The protests started on October 2016 after a 31-year-old Moroccan fisherman was killed trying to stop local policemen from confiscating his goods. The gruesome death of the young man, who was crushed in the back of a garbage truck as he was trying to stop the destruction of his merchandise, resonated strongly with the inhabitants of the Rif region, a mountainous and traditionally neglected part of northern Morocco. Centered in small cities with high unemployment rates, protesters mobilized through social media and took to the streets to express a wide range of demands, ranging from social and economic rights to cultural and political ones.
While popular demonstrations continued almost uninterrupted since the death of the young fisherman, Nasser Zefzafi, a 39-year-old former bouncer from the city of al-Hoceima emerged as the unofficial leader of the movement. Zefzafi’s speeches vividly captured the grievances of the inhabitants of the region and allowed the movement to consolidate under the “Hirak” movement. His videos denounced the corruption of senior officials, real estate speculation, the monopolization of industrial fishing by associates of the regime and, more recently, the militarization of the region and the demonization of the movement by pro-regime journalists.
Before his arrest by the authorities earlier this week, Zefzafi’s speeches drew tens of thousands of supporters from all over the region, many of whom are plagued by unemployment and the absence of economic opportunities and are upset by the succession of scandals involving associates of the regime who cannibalize all important business opportunities and state investments. For instance, most provisions of an ambitious five-year investment plan launched by the Moroccan king in 2015 with a budget of $600 million have not been implemented or, when initiated, have been dominated by associates of the regime who captured the lucrative aspects of the project and failed to deliver the promised economic and social results to the population.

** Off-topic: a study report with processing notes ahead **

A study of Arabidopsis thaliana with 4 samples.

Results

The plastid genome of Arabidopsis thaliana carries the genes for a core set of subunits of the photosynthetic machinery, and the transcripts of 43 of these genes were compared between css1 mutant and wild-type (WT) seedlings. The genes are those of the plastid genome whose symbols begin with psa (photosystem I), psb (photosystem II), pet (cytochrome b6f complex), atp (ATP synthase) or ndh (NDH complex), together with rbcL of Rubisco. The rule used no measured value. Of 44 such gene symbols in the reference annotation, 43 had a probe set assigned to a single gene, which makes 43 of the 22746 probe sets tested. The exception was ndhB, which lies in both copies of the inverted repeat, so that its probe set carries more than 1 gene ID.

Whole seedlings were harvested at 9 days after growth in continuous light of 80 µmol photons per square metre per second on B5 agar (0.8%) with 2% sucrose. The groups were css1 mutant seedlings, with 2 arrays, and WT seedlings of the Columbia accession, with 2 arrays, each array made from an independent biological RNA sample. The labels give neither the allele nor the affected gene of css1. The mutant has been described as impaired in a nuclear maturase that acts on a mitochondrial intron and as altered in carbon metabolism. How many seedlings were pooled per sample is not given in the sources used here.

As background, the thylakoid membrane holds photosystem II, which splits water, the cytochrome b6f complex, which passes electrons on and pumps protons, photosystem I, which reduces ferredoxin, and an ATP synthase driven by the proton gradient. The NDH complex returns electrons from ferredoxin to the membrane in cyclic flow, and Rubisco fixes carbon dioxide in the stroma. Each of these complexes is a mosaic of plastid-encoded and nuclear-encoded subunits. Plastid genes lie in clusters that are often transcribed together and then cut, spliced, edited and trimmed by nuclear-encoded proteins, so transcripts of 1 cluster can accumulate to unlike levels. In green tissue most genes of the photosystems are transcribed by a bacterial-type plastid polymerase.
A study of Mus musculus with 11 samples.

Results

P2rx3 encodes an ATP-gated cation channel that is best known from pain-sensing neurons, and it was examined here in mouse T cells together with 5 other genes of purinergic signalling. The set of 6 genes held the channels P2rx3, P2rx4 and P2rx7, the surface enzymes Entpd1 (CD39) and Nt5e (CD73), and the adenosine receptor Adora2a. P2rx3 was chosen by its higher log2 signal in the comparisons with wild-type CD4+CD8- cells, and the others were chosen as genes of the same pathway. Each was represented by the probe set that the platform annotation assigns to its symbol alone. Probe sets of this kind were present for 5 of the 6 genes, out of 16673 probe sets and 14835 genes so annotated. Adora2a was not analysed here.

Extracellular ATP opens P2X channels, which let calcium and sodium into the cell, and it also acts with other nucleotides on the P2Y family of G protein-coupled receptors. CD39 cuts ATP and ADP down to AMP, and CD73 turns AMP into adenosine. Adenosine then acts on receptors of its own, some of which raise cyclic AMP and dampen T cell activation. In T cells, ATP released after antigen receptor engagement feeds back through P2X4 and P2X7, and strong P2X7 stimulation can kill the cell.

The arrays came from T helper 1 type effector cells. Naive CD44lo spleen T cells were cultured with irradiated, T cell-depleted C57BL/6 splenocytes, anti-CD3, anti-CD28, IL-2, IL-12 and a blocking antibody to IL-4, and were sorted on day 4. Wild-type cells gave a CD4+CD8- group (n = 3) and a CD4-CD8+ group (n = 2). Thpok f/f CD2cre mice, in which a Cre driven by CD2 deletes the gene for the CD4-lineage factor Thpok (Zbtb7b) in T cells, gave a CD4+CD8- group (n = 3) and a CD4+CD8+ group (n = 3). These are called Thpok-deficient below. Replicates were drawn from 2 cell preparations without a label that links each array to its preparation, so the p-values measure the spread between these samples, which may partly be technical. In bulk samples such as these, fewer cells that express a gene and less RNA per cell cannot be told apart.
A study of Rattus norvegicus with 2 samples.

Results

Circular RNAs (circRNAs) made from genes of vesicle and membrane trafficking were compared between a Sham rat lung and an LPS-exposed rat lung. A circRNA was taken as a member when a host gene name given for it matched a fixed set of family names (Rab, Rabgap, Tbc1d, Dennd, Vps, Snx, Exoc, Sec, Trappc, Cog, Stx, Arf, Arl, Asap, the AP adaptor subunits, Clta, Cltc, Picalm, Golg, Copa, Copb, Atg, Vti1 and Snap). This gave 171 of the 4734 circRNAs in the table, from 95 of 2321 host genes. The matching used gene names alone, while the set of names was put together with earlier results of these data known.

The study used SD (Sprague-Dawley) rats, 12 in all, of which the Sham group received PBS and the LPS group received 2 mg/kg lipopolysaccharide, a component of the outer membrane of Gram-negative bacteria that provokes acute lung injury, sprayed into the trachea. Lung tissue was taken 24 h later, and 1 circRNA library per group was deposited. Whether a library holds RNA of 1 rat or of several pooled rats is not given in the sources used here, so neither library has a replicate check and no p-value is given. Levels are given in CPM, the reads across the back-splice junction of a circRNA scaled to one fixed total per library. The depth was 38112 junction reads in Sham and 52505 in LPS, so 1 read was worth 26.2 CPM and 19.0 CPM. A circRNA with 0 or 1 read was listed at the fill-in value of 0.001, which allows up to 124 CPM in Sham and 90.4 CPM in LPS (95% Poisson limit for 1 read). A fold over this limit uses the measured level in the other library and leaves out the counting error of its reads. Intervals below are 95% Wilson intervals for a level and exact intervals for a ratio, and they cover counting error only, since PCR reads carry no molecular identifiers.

With a significant proportion of the inhabitants in the region living off family solidarity, foreign remittances and illegal trafficking — mainly in drugs and smuggling — many in the region found Zefzafi’s confident style appealing and answered his numerous calls for political mobilization sometime using highly symbolic means of contention such as “the march of the shrouds,” a 10,000-strong demonstration organized on April 9 during which demonstrators walked with white shrouds representing the economic death of the region.
However, while the grievances expressed by Zefzafi and his followers are also shared outside the Berber-speaking Rif region, particularly in relation to the need to put an end to corruption and the predatory practices of local crony capitalists, the demonstrations of the Hirak movement are thus far unable to take a national dimension. Despite the momentum created by the succession of demonstrations in the north of the country, the Hirak protests are not generating support at the national level. One reason why the protests are not cascading to the rest of the country is due to the covert ethnic nature of the Hirak protest.
While most (if not all) the demands expressed by Zefzafi and his followers are shared by the rest of the population, his populist discourse has an ethnic undertone that does not resonate well outside the Rif region. While Zefazfi and his followers refuted the notion that the Hirak is a secessionist movement, other disenchanted groups outside the Rif region are put off by the constant references to the Rif revolution (which opposed Rifan tribes to French and Spanish colonial troops during the 1920s), “Arab colonialism” and the conspicuous absence of Moroccan flags during the protests, replaced exclusively by Amazigh flags or flags of the short-lived Rif Republic).
The Moroccan government was quick to take advantage of the inexperience of Zefazafi and painted the movement as a secessionist security threat controlled by neighboring Algeria. The discourse of pro- and anti-regime advocates is reflective of this dynamic. While online activists dismiss pro-regime voices as “slaves (to the monarchy),” the latter describe the protesters as a racist ethnic separatist group funded by foreign hostile interests.
While the regime seems to have things under control for the moment, it remains dependent on the negative optics of the movement, with the rest of the population perceiving it mainly as a cultural/secessionist project. However, should this perception shift or should a more mainstream figure emerge elsewhere in the country, the regime may not be able to keep the upper hand so easily in the future.
Merouan Mekouar is assistant professor of international development studies in the department of social science at York University in Toronto and a visiting researcher at the German Institute of Global and Area Studies in Hamburg.